CHILDREN YOU HAVE IT
Five Juveniles In Two Successful Films
From IRIS CONLAY, Catholic Herald Film Critic
It must be Baby Week. In only two shows I have seen five school-age children— and Shirley Temple was not one—who sing, croon, dance and act in no sub-adult way. In fact, their ways were very much their own, individual and pitched high, among the standards that their elders approach only on tip-toe.
Deanna Durbin, the eldest of the bunch, but she is only fifteen, is one of those apparently lucky people who do everything effortlessly. She looks lovely at an age when most of our parents' highest ambitions for our appearances were that they should be wholesomely tidy. She moves with light ease, when we, if we stirred at all quickly, knocked chairs and tables over in our clumsiness. She sings with all the power and surety of a voice long trained, and with, what is rarer, all the understanding of one who has lived and thought into a certain maturity. And this so easily, so effortlessly as though she just can't help herself singing La Traviata out of sheer good spirits.
Pounds More Elaborate In her latest film, 100 Men and a Girl (Leicester Square), she is allowed to enjoy herself as wildly as she likes. In spirit, this production much resembles Three Smart Girls, but it has inevitably got several thousands of pounds more elaborate.
Its story is naïve to match its star, and turns around the mad theory of a down and out musician's daughter who organises an unemployed men's orchestra—and gets it on Broadway, conducted by Leopold Stok owski. Deanna, the daughter, manages this mainly by audacity, some part by sheer calculation, lots by being such an irresistible little girl, and not a little by an absurd curly feather in her beret.
Adolphe Menjou comes into this picture as Deanna's father. For once he plays the the simple man of the people instead of the highly polished villain in correct tails, and 1 re-discovered him as an actor.
But after Deanna herself, I remember with most excitement her voice. more happy than anything I ever heard on the screen laughing Mozart's Alleluia up and down the scale, and then 1 remember S'tokowski's violent hands shaking staccato, or drawing gentle music out of his magnificent orchestra. After his hands I remember the lean figure of the man standing stiff to his work, and the woolly white hair upstanding too, as though at attention out of respect for the brain it protects.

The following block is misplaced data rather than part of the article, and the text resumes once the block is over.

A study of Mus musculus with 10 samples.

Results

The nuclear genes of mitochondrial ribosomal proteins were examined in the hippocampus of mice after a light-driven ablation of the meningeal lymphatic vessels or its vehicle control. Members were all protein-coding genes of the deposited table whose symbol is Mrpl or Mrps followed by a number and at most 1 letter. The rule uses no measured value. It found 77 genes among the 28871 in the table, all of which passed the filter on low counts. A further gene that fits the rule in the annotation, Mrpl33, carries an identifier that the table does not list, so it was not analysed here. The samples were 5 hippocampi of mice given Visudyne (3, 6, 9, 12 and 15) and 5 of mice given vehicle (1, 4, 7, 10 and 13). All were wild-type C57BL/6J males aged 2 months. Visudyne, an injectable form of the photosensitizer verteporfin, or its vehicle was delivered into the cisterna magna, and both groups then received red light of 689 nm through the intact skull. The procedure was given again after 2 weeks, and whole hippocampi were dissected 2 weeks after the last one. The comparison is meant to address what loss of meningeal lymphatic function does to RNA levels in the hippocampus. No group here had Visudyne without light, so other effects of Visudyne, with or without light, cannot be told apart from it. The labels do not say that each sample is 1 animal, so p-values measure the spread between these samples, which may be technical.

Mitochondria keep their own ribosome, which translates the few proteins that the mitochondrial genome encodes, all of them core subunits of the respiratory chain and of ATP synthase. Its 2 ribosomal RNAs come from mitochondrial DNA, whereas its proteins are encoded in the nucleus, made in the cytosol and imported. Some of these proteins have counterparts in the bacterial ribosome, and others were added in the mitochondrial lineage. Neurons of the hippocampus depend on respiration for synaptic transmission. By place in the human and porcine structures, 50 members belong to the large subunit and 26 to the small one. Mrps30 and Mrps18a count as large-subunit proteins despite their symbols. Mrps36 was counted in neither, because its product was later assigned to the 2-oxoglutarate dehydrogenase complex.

Juvenilia The break between 100 Men and a Girl and Thoroughbreds Don't Cry (Empire) is pretty deep. It has to be crossed to get to the rest of the juveniles that are outstripping some of their elders in this film business. But while Deanna Durbin produces grown up material (minus the usual love interest, thank goodness), Judy Garland and Ronald Sinclair make a juvenile film and spoil all the fun by suggesting boy and girl romance.
Forgetting this little descent into the film world's greed—everything must be got into every picture and even twelve-year-olds must toe that love-interest line—Thoroughbreds Don't Cry is still jolly good Christmas holiday entertainment for the backfrom schools.
Spelling's Not Everything
Mickey Rooney, brilliantly cast as a jockey with a wise cracking script and a recordbreaking professional reputation, is the tough little chap whom every schoolboy longs to emulate. He knows everything about stables, but can't spell and thinks algebra is the kind of horse that has stripes all over his back. So consoling to those whose school reports have proved not quite so successful with the Pater.
Ronald Sinclair, in spite of much Oxford accent, a tutor, a country estate, also has no knowledge of algebra, loves horses, can give a black-eye to tough little jockeys, and eventually has no money—these last qualities save him for popularity. But he does, not entirely win his spurs of general syrnpathy until that last reel when he rides in a race of his own.—Little Lord Fauntleroy would never have done this. So is Ronald Sinclair preserved by a hair's breath from Fauntleroyism.
Judy Garland is, I feel sure, a typical American little girl who thinks a lot of " uplift," and practices a lot of crooning, and has ambitions for the stage. She is far too fat for elegance. can sing below her tonsils, has plenty of character, but would make Deanna Durbin look high brow.
There are several adults about the picture which the children play around with from time to time. C. Aubrey Smith is the most charming of them and Sophie Tucker the best entertainment value—but its still the children who haw it.